Story by JOE NICKELL / Photos by KURT WILSON of the Missoulian
29-year-old Nici Holt carefully picks up a small statue of a panther from the table beside her couch. Coated tooth to tail in tiny beads, the sculpture is less animalistic than pointillistic, a Technicolor explosion of contrasting hues.
To Holt, it's as much a story as an object.
"This we bought on our honeymoon down in Mexico," she begins, gazing at the form in her hands. "We were down in Baja, and we bought it from this artist right in the street, this young guy n he was like 14 n who was making these amazing pieces of work. It's all beads pressed into warm wax on a wooden structure. I just love it."
Walk into the home of Holt and her husband, artist and carpenter Andy Cline, and you walk into a realm of memories and mirrors, relationships and signposts. Here, on a side-table near the couch, is a silvery swan made by Holt's aunt out of the rolled-up liners from kids' cereal boxes. Over there, on a narrow section of wall by the window, is a little print by former Missoula artist Sheila Miles, which Holt received in trade for some jewelry she made.
On a shelf nearby sits a tiny, colorful clay pot n a memento from a road-trip to Santa Fe several years ago. "It's a small thing maybe, but it's much better to me than a hooded sweatshirt that says 'Santa Fe' on it," says Holt with a laugh. "It's a connection to that trip, that experience."
If each piece represents a connection, then it's obvious that the lives of Holt and Cline are bound up in a dizzying web of relationships. Though their house is practically overflowing with art, little of it was purchased outright. Holt and Cline, artists in their own right (both studied at the University of Montana), have largely built their art collection the old-fashioned way: by trading directly with other artists.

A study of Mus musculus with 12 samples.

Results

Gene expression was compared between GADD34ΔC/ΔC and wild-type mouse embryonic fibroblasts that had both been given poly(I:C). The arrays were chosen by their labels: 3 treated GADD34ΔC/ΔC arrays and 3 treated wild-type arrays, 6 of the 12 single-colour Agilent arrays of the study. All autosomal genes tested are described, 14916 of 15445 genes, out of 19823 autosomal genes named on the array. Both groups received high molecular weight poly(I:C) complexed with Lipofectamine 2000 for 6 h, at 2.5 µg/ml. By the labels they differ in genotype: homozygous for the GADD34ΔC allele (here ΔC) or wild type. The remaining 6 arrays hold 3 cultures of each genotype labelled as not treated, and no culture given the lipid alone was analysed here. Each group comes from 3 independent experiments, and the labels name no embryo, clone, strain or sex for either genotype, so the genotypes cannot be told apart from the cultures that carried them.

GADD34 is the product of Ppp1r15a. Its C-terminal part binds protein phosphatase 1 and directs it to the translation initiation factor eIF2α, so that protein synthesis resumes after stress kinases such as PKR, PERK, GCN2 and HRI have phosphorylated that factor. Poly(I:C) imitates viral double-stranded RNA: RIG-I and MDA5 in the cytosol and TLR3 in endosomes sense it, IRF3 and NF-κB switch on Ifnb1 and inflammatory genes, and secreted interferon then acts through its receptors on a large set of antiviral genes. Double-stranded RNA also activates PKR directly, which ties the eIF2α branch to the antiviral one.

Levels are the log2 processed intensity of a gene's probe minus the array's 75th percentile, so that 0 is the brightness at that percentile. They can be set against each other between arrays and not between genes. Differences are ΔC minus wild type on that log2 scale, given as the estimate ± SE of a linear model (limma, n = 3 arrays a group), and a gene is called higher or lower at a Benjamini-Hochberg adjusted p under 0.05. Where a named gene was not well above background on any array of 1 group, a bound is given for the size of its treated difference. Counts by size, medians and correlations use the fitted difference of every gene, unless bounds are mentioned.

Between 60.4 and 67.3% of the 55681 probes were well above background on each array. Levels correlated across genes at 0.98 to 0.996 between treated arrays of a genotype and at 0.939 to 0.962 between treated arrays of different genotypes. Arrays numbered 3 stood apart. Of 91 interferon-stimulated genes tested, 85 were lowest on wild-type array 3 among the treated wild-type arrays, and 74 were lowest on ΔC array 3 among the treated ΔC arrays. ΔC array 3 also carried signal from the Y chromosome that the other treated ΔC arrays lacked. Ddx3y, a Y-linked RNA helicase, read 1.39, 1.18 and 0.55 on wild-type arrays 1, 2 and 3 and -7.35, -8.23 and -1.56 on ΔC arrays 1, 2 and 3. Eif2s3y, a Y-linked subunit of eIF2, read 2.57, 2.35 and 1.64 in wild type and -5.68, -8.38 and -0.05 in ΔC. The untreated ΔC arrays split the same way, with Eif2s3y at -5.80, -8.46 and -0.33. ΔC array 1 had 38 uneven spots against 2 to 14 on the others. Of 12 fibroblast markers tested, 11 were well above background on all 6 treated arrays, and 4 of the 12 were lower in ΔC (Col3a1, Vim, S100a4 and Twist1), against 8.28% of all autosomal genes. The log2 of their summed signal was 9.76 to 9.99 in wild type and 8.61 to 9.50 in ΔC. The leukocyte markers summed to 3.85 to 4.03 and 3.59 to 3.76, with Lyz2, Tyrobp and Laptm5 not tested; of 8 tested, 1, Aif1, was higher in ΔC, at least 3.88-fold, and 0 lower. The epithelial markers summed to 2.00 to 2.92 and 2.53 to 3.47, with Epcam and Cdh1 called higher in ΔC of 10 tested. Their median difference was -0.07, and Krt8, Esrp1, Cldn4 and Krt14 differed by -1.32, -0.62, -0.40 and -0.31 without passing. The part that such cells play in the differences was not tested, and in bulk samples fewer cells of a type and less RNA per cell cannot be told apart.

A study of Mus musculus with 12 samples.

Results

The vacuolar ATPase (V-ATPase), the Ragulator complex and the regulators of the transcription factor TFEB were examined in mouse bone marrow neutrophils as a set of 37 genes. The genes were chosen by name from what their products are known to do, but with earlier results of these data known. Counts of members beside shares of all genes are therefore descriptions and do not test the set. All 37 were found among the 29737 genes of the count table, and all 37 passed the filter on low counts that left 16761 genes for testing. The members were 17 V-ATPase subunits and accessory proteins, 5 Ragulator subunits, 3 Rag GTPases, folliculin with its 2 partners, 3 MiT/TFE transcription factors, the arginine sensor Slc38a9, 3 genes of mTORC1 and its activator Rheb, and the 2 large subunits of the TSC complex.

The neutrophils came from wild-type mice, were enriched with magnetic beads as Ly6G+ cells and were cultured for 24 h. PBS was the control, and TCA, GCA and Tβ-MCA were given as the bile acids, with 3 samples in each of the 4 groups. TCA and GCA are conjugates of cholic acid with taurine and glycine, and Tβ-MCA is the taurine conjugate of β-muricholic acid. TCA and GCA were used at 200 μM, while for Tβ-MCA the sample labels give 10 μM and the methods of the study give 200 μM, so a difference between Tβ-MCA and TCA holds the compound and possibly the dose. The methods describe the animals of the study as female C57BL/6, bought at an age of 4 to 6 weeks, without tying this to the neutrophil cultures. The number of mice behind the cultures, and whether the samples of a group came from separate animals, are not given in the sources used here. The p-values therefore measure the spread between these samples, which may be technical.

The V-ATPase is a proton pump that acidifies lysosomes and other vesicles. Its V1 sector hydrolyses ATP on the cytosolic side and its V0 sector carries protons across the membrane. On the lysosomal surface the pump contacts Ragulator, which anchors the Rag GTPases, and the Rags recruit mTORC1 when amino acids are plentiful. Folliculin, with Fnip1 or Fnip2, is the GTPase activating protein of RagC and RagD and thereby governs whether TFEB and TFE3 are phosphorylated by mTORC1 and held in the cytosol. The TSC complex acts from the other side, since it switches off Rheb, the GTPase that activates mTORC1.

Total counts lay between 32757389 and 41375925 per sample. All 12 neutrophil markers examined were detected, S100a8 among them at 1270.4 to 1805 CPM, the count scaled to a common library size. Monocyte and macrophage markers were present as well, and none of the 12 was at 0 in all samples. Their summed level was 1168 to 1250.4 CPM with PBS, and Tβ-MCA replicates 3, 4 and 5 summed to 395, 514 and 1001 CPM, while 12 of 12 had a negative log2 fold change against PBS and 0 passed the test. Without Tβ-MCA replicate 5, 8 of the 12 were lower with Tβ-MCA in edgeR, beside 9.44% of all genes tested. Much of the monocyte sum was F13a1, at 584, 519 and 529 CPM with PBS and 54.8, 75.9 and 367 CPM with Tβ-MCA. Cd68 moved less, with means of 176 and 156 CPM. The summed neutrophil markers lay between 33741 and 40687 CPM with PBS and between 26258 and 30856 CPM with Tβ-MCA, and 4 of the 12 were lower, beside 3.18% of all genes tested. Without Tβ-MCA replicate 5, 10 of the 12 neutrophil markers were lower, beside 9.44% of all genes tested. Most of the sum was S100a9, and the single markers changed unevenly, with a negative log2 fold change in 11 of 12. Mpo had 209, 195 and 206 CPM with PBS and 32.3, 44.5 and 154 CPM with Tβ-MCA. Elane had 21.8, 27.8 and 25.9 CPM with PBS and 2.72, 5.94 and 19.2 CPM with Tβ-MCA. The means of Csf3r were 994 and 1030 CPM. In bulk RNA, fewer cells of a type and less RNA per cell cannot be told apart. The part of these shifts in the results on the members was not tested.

"We don't have a lot of money so we do rely a lot on trades," explains Holt. "It's a really wonderful way to get stuff that we otherwise wouldn't be able to afford."
The couple's home office houses a bounty of bartered art. On one wall hangs a pair of photographs by Marcy James that Cline received in trade for some of his work. Nearby, a whimsical "Montana Flying Jackalope" by Steve Glueckert n another trade for Cline's work, and a Christmas gift to Holt.
Not surprisingly, the majority of the art in Holt and Cline's house was made by local artists n many of them former art students and professors that the pair met while they themselves were studying art. There's work by Dustin Hoon, Jennifer Reifsneider, Ted Hughes, Stephanie Frostad, Jason Clark, Beth Lo and many others.
Holt realizes that she's not your typical 20-something Missoulian, when it comes to her art collecting habits.
"My generation is really transient, and likes that flexibility of being able to pack up and move," says Holt. "When you purchase art, the permanence isn't just in that monetary investment; it's this investment of, wow, I can't just shove everything in the back of my Subaru and take off and move. You have to be a little more careful with it; and you kind of have to be settled down where you live, which we are now. It's like buying nice furniture in that respect."
Holt, who spends her days as outreach and membership director at the Missoula Art Museum, worries that some in her generation are also simply intimidated by the process of buying art.
"I think people need to trust their instincts about what good art is and what resonates with them," she says. "I think people get way too caught up in wanting to be certain that what they spent is what it's worth and that their purchase will appreciate."
Ultimately, appreciation is in the eye of the beholder. For Holt, that appreciation comes not only from finding beautiful art, but also by supporting emerging artists, thereby creating new connections in her life.
"I'm not so interested in art that matches my throw or my couch," she says. "It's just as much about the story and how we know the person, how we got to know the art."
Art at Home is a weekly series of profiles of western Montana residents and the art that they own and love. Join us every Thursday in the pages of the Entertainer, and online at Missoulian.com, as we present these stories via text, pictures and audio.